Key messages from the 22nd INTOSAI WGEA Assembly


The 22nd INTOSAI WGEA Assembly was held in Rovaniemi, Finland, 22 – 24 January 2024. On the last day of the Assembly, participants gathered together to discuss the themes raised throughout the Assembly. This is the first time the Assembly discusses key takeaways. After the 21st Assembly, the Secretariat and the host country concluded messages for a summary report, but this time the Secretariat wanted to make the process more inclusive. Instead of recommendations, the Assembly decided to name them as key messages. These messages summarise key takeaways of the meeting and help participants communicate their learning outcomes to colleagues at home. The key messages could also inspire the future work of SAIs across the world. The key messages from the 22nd Assembly are as follows:

1) Environmental issues are global and cross national borders, and regional approaches can be helpful in revealing interdependencies. For example, environmental changes in the Arctic have an impact across the globe. Internationally agreed targets and a review of the impacts and spillovers in neighbouring countries are tools that can be used by auditors.

2) SAIs are well-positioned to address environmental issues that concern governments by looking at those issues in a holistic manner and breaking down ministerial silos. For example, addressing climate change and biodiversity together can help tackling multiple crises together and leverage limited resources to maximum effect.

3) SAIs can play the long game when it comes to evaluating government performance on environmental issues. They are well positioned to look at issues in a longer-term manner in terms of outcomes and future generations even when governments are not looking beyond their electoral term. Auditors can go beyond electoral cycles and should carefully consider the timescale against which they make their assessments and recommendations.

4) Indigenous knowledge and indigenous ways of knowing can be a valuable source of information for auditors, stressing the sustainable use of natural resources and intergenerational perspective, which can complement other sources of information. Many SAIs can assess how their governments are engaging with their indigenous communities and peoples. This acts as an example of “leaving no-one behind”, of taking all perspectives into account, in the spirit of the 2030 Agenda.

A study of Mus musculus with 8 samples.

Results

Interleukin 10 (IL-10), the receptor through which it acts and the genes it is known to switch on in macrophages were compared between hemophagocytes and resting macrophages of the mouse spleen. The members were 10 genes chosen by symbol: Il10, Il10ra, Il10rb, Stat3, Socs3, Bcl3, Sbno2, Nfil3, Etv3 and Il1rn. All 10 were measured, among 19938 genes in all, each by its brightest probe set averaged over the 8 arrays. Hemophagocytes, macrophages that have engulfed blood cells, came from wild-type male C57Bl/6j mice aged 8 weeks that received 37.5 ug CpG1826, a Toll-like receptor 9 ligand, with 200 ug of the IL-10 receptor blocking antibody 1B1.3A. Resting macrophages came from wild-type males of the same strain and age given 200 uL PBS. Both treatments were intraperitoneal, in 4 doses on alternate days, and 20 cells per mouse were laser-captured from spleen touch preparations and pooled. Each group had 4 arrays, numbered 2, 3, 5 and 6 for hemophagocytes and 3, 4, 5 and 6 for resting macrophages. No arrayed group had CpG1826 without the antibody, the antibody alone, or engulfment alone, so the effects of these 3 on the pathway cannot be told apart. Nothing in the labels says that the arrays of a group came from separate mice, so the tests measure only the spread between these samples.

5) Various approaches, such as integrating environmental consideration into national budgets, environmental accounting, and sustainability reporting, provide useful points of references to SAIs. These tools can help highlight the strengths and weaknesses of governments’ action or inaction on environmental issues as well as improve SAIs audit methodologies and practices. For example, the field of sustainability reporting is developing fast, and SAIs’ collaboration can increase the national understanding of the forms in which sustainability reporting can take place and what is the role of SAIs.

6) Collaborative projects, such as the ClimateScanner and cooperative audit on Climate Change Adaptation Actions, are opportunities to gain a better understanding of environmental issues that countries are facing and how each government is working to address them. They are also valuable in increasing practical audit skills and knowledge on environmental auditing. In return, this increases the SAIs’ overall capacity to engage with their work and with their government on key environmental issues. SAIs should take all these benefits into consideration when they are thinking about their engagement in collaborative projects.